Jennifer Simpson (as Assignee of Alan Catchpole) v Norfolk & Norwich University Hospitals NHS Trust 23.03.11
The Court of Appeal judgment has been handed down in a unique test case being managed by Kennedys, confirming that an assignment of a bare cause of action in tort for personal injury was unlawful and void for reasons of public policy.
The Court of Appeal concluded that the starting point was to identify whether the claim against the hospital was capable of assignment at all. It held that there was no reason in principle why a claim for damages for personal injury would not be capable of assignment. However, it confirmed that the crucial question was whether an assignee could point to the existence of someone with a legitimate interest in the litigation.
The lead judgment, given by Lord Justice Moore-Bick, confirmed that in this case, “Mrs Simpson did not have an interest in Mr Catchpole's claim of a kind that the law should or does recognise is sufficient to support an assignment of what would otherwise be a bare right of action and is therefore guilty of wanton and officious intermeddling with the disputes of others”.
Without providing guidance on the type of cases that could be suitable for assignment, the Court of Appeal acknowledged that change in perceptions of public interest could, in time, support the assignment of a cause of action in a personal injury claim. However, Moore-Bick LJ made it clear that to encourage litigation whose principle object is not to obtain a remedy for a legal wrong, but to pursue an objection of a different kind altogether, was not in the public interest, and would be damaging to the administration of justice and unfair to defendants. The conduct of the proceedings, including a readiness to compromise, is likely to be compromised by moving the responsibility for such conduct to the assignee, whose considerations are unlikely to concern the merits of the claim itself.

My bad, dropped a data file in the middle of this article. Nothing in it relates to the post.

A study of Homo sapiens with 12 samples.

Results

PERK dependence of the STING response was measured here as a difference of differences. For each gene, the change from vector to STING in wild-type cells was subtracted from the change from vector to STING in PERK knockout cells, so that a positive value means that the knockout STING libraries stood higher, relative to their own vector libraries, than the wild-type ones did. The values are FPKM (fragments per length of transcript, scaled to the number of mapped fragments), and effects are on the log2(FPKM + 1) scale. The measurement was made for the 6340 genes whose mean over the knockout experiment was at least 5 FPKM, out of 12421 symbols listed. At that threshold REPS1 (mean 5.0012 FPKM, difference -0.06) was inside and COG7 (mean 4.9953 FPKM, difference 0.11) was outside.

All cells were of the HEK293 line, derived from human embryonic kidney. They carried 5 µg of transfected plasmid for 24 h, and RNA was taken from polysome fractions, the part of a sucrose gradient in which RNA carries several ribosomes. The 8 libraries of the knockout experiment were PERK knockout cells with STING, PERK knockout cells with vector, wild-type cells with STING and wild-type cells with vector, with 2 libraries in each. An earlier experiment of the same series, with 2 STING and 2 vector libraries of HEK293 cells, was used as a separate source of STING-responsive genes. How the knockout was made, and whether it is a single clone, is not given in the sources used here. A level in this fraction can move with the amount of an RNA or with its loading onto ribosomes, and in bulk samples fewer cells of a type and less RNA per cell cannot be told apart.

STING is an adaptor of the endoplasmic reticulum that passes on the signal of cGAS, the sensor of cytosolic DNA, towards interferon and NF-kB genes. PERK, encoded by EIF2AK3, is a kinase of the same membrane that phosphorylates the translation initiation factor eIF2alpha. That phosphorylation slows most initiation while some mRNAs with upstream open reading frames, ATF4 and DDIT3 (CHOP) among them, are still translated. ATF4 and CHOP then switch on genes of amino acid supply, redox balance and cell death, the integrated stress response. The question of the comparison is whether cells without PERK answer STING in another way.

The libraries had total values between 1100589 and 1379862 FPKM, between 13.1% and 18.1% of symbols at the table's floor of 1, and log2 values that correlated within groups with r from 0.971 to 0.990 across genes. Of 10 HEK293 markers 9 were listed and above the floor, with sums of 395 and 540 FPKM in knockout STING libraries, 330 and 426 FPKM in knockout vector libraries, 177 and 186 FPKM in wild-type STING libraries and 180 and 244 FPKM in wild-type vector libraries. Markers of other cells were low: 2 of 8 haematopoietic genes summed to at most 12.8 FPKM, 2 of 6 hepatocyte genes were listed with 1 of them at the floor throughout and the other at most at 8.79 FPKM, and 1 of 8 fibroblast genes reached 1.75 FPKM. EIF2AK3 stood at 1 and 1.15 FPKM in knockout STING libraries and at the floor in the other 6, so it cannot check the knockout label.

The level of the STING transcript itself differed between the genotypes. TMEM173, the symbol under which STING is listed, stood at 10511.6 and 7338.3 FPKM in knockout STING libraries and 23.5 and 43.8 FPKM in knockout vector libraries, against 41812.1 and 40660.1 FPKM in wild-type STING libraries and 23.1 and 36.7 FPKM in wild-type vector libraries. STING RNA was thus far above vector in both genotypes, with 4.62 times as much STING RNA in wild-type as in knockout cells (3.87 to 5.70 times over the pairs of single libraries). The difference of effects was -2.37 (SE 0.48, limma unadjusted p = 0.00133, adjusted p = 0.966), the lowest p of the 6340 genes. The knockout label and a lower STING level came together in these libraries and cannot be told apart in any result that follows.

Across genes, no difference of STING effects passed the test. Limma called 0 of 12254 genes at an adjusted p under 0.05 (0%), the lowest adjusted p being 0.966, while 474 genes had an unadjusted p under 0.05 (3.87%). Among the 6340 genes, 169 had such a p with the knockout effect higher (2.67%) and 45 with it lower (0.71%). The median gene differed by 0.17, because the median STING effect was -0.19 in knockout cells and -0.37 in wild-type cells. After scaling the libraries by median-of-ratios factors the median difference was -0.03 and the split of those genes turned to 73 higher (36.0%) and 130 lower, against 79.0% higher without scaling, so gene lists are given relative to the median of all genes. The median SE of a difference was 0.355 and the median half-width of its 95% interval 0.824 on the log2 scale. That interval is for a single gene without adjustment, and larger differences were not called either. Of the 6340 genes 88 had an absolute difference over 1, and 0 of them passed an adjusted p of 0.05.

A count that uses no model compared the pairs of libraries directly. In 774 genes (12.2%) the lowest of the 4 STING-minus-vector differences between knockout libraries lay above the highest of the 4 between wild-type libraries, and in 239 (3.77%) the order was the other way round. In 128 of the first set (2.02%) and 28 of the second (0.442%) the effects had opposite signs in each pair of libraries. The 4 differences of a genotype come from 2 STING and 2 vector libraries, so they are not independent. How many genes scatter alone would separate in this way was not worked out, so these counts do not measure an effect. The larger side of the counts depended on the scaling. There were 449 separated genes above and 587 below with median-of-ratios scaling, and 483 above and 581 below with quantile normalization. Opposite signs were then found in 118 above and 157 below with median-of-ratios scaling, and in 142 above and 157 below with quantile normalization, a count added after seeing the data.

The Claimant failed on the argument that there was a breach of her property contrary to Article 1 of the European Convention on Human Rights. The Court confirmed that there was no question of Mr Catchpole being deprived of his property and that all the law seeks to do is to restrict his ability to dispose of it. Again citing reasons of public interest, the Court held that “the restriction that prevents him from disposing of [his property] to a person who has no legitimate interest is proportionate to the objective of preventing trafficking in litigation of a kind that would undermine the administration of justice”. Since Mr Catchpole was free to pursue his claim on his own behalf, this represented a fair balance between the use of his property and the interest of the community at large. It also negated the Claimant’s argument for access to justice considerations.
Dismissing the appeal, the judgment was agreed with by Dame Janet Smith D.B.E and Lord Justice Maurice Kay.
We take comfort from the decision in this case which supports the view that there cannot be any benefit in entertaining the development of allowing an assignment of a cause of action in a personal injury claim. As well as public policy arguments, the practical implications of allowing such a process in a current system which is not equipped for it are untenable. Delay, frustration and unnecessary cost would ensue.
Although the Court of Appeal acknowledged the possibility of assignment of a cause of action for a personal injury claim, in principle, the judgment is helpful in clarifying that in practice, an assignment of such is unlikely to be entertained by the courts.
Please see our previously reported case review for the background to this case.